Residents of Owings Mills must hardly be able to believe the news in their community in the last few weeks. Not long after the perennially delayed Owings Mills Metro Centre redevelopment got back off the ground with construction work on what is to be Baltimore County's largest library and a community college branch, the owner of the long-suffering Owings Mills Mall announced a $64 million plan to turn it into a new open-air shopping center. And just days after that, the massively popular New York-based grocery chain Wegmans announced it would be the anchor tenant of another town center-style development just two miles away at the site of the defunct Solo Cup factory. If the economy is weak, you wouldn't know it based on what's happening in northwestern Baltimore County.
County Executive Kevin Kamenetz, who used to represent the area as a councilman, is thrilled. The new councilwoman, Vicki Almond, is thrilled. By all accounts, residents of the area, while concerned about all the traffic this might cause, are also thrilled. Not so thrilled, though, are the developers behind each of the individual projects, which suddenly face more competition for consumer dollars. They are all represented by top-flight development lawyers, notably including former County Executive James T. Smith Jr., who is working on the Wegmans project, and they could come into conflict over one major detail left to be ironed out: zoning for the Solo Cup property.
On the issues of traffic and the viability of so much new retail in such a small area, county officials say they believe the developments pose relatively few problems. The county is already seeking state funding for improvements to the intersection of Reisterstown and Painters Mill roads. And the Owings Mills area, despite being one of the county's two designated growth areas, along with White Marsh, has long been underserved by retail. The developments there can draw not just from the immediate surrounding neighborhoods but also from Pikesville and Carroll County, via I-795, and from the Liberty Road corridor once the extension of Owings Mills Boulevard is completed. Plus, the Metro stop provides access to even more consumers.
But the rezoning for Solo Cup does represent something of a policy shift for Baltimore County, and it deserves more attention than it would typically get in a case where the local council member supports rezoning, as Ms. Almond does. For years, Baltimore County economic development officials have been loath to allow land designated for manufacturing, as the Solo property is, to be downzoned for commercial development. The theory is that manufacturing sites are relatively rare, and once given up they are never upzoned to allow industry again. And manufacturing generally provides the greatest economic impact for the community.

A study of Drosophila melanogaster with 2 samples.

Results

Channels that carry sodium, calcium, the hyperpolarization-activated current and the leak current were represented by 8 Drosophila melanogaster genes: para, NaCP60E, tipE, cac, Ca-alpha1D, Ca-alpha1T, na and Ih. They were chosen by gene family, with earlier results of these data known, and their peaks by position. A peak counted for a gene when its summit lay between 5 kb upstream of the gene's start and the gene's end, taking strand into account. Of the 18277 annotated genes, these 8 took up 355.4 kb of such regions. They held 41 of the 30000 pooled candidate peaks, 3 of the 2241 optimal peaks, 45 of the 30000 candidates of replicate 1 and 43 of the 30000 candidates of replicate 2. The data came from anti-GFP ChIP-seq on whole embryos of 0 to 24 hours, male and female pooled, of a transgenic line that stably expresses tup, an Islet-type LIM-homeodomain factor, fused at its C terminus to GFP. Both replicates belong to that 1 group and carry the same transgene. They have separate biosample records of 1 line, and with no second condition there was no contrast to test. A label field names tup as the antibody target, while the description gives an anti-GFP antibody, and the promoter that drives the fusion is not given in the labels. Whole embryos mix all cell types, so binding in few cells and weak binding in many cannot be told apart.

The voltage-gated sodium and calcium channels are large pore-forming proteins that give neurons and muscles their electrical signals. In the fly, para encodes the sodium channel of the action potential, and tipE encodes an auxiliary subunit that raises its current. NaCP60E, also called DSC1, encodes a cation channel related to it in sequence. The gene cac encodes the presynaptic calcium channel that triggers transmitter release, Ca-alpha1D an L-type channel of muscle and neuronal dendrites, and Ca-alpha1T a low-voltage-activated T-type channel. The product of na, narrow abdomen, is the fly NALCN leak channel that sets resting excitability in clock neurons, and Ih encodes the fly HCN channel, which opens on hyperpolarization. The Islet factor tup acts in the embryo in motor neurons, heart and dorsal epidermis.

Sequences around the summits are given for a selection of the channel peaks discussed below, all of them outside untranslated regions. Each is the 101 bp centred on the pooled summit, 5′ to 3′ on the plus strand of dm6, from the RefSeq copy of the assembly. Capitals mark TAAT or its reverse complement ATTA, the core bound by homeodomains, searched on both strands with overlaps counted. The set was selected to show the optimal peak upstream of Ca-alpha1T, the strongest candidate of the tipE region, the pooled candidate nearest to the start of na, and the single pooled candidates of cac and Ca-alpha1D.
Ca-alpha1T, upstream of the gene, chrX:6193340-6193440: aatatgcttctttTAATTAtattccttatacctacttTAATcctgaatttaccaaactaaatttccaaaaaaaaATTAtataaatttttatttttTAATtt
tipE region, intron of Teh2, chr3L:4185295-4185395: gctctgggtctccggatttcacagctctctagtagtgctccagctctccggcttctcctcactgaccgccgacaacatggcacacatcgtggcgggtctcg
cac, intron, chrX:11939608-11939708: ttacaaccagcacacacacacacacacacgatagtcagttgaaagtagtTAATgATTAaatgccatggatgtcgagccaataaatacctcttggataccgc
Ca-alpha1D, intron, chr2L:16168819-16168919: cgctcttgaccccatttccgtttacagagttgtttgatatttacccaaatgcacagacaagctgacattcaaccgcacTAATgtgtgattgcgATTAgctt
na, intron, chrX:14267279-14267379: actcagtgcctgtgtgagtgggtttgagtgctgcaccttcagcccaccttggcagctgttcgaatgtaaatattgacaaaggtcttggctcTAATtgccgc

At the Solo Cup property, for example, the conversion to commercial may yield more total jobs — Wegmans alone expects to hire more than the 540 employees lost at the Solo plant, and that doesn't even count ancillary development on the site. But it is unlikely that those jobs will pay as well or have as large a spillover effect on other businesses in the area.
A spokesman for Mr. Kamenetz says the executive is focused on the redevelopment of Baltimore County manufacturing but sees the greatest potential for it in and around Sparrows Point, in conjunction with the expansion of the Port of Baltimore. The Solo site, county officials say, is too small and in an area that is unlikely to appeal to another industrial tenant.
But that reflects an old, heavy-industry-centric view of manufacturing that doesn't necessarily conform with the economic opportunities of today. That site may no longer make sense as a place to manufacture paper cups, but it could, perhaps, be a good location for a biotech facility.
The issue here is about more than whether Owings Mills will get a Wegmans. It's about whether the county can provide residents with an opportunity for family-sustaining jobs near where they live. Owings Mills could certainly do worse than Wegmans — it is frequently ranked among the nation's best places to work, and the chain's existing location in Hunt Valley has been extremely successful. But county officials should take pause to make sure they couldn't do better.